Google has announced that the forthcoming update to its Chrome mobile application will allow any web user to enjoy 3D content, without necessarily using the firm's Daydream View virtual reality headset.
This new version of Chrome will let mobile device users enjoy 3D content from online platforms such as Matterport, with its 300,000 virtual tours (museums, palaces, celebrity homes, etc.) and the Sketchfab community, featuring around a million animations. WebVR support in Chrome will considerably boost the choice of 3D scenes, previously available via the YouTube application.
Owners of Google's Daydream View can slip their smartphone into the headset for instant immersion into all of these virtual worlds. That goes for other VR headsets currently on the market too, including Google's famous Cardboard VR viewer. Users who don't yet have this kind of headset can still enjoy the content by navigating around the scene using their finger on smartphone's touchscreen.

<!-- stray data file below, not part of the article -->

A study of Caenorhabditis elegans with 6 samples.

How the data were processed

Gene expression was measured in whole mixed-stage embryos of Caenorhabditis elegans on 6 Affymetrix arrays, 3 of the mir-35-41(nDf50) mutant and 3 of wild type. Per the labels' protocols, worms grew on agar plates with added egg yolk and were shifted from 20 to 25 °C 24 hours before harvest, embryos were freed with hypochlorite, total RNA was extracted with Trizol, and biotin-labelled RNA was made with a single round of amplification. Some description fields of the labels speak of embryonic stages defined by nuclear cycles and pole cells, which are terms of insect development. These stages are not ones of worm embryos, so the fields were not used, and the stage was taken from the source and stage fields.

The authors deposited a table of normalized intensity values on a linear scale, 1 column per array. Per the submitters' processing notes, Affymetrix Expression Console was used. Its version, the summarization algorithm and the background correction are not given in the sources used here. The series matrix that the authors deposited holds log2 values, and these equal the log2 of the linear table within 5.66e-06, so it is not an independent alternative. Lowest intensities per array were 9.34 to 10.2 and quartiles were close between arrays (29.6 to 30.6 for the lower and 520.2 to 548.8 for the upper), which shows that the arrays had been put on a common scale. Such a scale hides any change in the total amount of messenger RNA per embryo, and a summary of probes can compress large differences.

The Google Daydream View, available in selected countries, is a relatively rudimentary VR headset. Like the Cardboard viewer, it's designed for use with a smartphone, which slides into the headset. However, it offers a more robust build than the Cardboard and comes with a remote control with a trackpad, a gyroscope and an accelerometer. Although considerably less sophisticated than the likes of the Oculus Rift or HTC Vive, this type of headset seems to have a bright future in the tech market. The Daydream View sells for $79 in the USA.
Unfortunately, very few smartphones are currently compatible with the Daydream View (Google Pixel phones, the Moto Z range, the ZTE Axon 7, for example), which could explain why Google is making a conscious effort to broaden the reach of virtual reality content, making it accessible on all devices. Without that, VR technology could struggle to gain ground among the public at large.